International Trade International Trade Organisation
Rules Of Origin
The criteria used to determine the country of origin ,that is the place where article is produced,manufactured,or grown, are called the Rules of origin. Rules of Origin are important for purposes of international trade. Rules of origin are also used to compile trade statistics, and for “made in ...” labels that are attached to products.
There are two common type of rules of origin depending upon application, the preferential and non-preferential rules of origin.The exact rules vary from country to country
Non-preferential rules of origin are used to determine the country of origin for certain purposes. likebe quotas, anti-dumping, anti-circumvention, statistics or origin labeling.
Non-preferential rules originated from the Kyoto convention which stated that if a product is deemed having origin in that country if ii is wholly obtained or produced completely within one country . For products which has been produced in more than one country the product shall be determined to have origin in the country where the last substantial transformation which is determined by general rules like change of tariff classification,value added rule,special processing rule.
According to the non-preferential rules a product always has exactly one country of origin. However, the non-preferential rules. Non-preferential may differ form country to country; the same product may have different origins depending on which country's scheme is applied. Usually it is the rules of the country into which a product is being imported that apply.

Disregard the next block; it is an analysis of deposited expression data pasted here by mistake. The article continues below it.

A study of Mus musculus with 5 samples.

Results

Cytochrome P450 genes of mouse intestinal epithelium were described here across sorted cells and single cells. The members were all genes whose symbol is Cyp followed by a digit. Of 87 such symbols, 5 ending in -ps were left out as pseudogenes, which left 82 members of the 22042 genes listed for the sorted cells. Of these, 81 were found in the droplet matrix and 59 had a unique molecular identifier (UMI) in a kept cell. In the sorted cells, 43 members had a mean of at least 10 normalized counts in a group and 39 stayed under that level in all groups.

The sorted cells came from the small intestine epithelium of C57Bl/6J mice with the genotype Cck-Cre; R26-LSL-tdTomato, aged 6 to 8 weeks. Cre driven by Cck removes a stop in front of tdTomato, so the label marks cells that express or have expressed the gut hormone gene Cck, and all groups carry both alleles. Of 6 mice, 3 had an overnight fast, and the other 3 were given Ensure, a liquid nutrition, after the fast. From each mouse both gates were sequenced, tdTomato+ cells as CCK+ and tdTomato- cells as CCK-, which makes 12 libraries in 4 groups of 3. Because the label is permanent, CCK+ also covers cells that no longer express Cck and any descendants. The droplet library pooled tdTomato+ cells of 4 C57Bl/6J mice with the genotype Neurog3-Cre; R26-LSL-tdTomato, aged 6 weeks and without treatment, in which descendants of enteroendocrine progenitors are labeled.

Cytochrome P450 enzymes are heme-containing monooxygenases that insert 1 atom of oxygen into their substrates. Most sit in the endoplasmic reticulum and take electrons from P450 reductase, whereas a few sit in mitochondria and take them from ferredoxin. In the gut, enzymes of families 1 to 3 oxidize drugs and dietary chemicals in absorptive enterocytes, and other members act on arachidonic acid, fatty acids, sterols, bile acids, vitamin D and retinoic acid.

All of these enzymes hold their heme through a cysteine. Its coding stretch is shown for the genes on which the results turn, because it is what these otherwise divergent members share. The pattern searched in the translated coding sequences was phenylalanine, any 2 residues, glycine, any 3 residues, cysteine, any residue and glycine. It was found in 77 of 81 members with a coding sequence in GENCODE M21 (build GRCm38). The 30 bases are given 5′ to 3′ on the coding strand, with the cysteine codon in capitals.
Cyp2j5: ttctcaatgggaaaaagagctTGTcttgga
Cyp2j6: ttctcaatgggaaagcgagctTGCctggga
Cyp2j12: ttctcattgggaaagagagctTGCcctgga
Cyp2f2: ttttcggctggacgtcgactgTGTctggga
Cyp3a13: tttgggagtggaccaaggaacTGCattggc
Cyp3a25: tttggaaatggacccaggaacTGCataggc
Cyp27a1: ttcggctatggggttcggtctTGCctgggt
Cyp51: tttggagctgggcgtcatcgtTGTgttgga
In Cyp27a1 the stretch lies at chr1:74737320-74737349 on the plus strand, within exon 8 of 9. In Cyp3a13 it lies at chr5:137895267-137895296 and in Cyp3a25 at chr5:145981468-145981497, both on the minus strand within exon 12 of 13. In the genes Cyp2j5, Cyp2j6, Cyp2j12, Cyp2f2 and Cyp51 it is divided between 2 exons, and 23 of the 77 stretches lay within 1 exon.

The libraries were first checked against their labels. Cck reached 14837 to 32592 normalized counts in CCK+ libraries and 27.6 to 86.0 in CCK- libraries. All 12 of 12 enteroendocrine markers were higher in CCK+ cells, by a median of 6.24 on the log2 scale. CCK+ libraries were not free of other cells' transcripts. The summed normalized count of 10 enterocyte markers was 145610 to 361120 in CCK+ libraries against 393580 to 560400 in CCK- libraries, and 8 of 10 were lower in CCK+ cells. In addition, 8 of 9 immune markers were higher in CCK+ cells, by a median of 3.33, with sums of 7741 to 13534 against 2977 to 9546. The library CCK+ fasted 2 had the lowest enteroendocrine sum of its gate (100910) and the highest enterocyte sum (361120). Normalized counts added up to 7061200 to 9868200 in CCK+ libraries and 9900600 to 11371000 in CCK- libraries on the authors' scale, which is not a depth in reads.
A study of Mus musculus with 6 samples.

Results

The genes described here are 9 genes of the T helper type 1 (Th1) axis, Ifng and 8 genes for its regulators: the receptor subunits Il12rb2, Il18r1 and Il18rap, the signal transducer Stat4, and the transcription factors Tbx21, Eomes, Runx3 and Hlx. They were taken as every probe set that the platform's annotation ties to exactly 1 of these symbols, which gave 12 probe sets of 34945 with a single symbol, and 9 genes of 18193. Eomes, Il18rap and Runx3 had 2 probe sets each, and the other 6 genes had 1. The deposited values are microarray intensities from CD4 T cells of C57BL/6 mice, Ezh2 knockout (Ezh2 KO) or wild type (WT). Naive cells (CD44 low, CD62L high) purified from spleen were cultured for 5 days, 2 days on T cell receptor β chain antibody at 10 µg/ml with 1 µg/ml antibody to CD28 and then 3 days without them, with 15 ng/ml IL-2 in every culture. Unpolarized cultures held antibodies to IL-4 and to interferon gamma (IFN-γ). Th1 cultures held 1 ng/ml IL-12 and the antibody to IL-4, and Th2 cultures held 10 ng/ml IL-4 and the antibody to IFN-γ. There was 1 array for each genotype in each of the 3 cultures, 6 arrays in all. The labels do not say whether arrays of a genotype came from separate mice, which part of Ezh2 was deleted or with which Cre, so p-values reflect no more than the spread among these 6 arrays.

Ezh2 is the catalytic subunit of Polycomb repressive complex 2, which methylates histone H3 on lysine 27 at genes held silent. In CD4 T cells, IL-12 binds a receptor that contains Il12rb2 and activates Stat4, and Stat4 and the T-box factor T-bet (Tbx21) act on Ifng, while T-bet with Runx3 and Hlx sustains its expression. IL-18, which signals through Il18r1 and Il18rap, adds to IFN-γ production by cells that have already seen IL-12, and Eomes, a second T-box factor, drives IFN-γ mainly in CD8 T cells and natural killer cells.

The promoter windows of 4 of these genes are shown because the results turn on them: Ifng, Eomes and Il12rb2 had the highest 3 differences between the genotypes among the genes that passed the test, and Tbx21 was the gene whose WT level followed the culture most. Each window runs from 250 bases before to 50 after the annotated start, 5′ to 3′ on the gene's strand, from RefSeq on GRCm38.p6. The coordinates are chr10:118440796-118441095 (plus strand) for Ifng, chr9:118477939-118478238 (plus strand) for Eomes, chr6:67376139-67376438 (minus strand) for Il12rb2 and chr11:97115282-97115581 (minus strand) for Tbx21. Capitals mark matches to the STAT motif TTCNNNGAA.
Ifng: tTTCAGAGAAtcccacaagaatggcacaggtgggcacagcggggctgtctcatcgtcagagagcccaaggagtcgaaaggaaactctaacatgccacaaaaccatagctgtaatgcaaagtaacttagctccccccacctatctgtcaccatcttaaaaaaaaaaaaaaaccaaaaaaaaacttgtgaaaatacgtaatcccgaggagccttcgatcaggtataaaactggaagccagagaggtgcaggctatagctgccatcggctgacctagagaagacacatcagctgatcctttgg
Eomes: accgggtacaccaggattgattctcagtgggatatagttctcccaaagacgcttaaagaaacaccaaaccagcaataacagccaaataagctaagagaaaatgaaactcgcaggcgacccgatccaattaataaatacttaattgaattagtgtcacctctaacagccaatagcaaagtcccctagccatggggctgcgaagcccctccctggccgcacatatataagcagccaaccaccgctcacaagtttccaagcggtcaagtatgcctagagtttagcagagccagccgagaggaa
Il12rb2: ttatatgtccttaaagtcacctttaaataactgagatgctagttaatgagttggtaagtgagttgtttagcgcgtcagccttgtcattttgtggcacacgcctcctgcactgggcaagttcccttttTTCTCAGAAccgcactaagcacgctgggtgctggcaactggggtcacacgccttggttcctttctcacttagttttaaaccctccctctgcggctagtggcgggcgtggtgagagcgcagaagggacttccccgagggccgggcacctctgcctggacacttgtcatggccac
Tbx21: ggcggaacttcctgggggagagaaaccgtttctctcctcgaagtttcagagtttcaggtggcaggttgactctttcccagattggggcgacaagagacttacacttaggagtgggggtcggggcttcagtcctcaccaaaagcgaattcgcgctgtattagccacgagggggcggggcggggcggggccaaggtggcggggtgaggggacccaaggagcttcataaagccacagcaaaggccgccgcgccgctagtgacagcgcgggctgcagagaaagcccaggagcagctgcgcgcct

Preferential RoO are part of a free trade area or preferential trade arrangement which includes tariff concessions. These rules of origin might be unilateral, bilateral or regional (also sometimes called multilateral) trade arrangements. The rules of origin determine what products can benefit from the tariff concession or preference, in order to avoid transshipment
According to the Rules of Origin Agreement WTO members should ensure
- that their rules of origin are transparent;
- that they do not have restricting, distorting or disruptive effects on international trade;
- that they are administered in a consistent, uniform, impartial and reasonable manner;
- and that they are based on a positive standard
For the longer term, the agreement aims for common (“harmonized”) rules of origin among all WTO members, except in some kinds of preferential trade — for example, countries setting up a free trade area are allowed to use different rules of origin for products traded under their free trade agreement. The agreement establishes a harmonization work programme, based upon a set of principles, including making rules of origin objective, understandable and predictable. The work was due to end in July 1998, but several deadlines have been missed. It is being conducted by a Committee on Rules of Origin in the WTO and a Technical Committee under the auspices of the World Customs Organization in Brussels. The outcome will be a single set of rules of origin to be applied under non-preferential trading conditions by all WTO members in all circumstances.
An annex to the agreement sets out a “common declaration” dealing with the operation of rules of origin on goods which qualify for preferential treatment.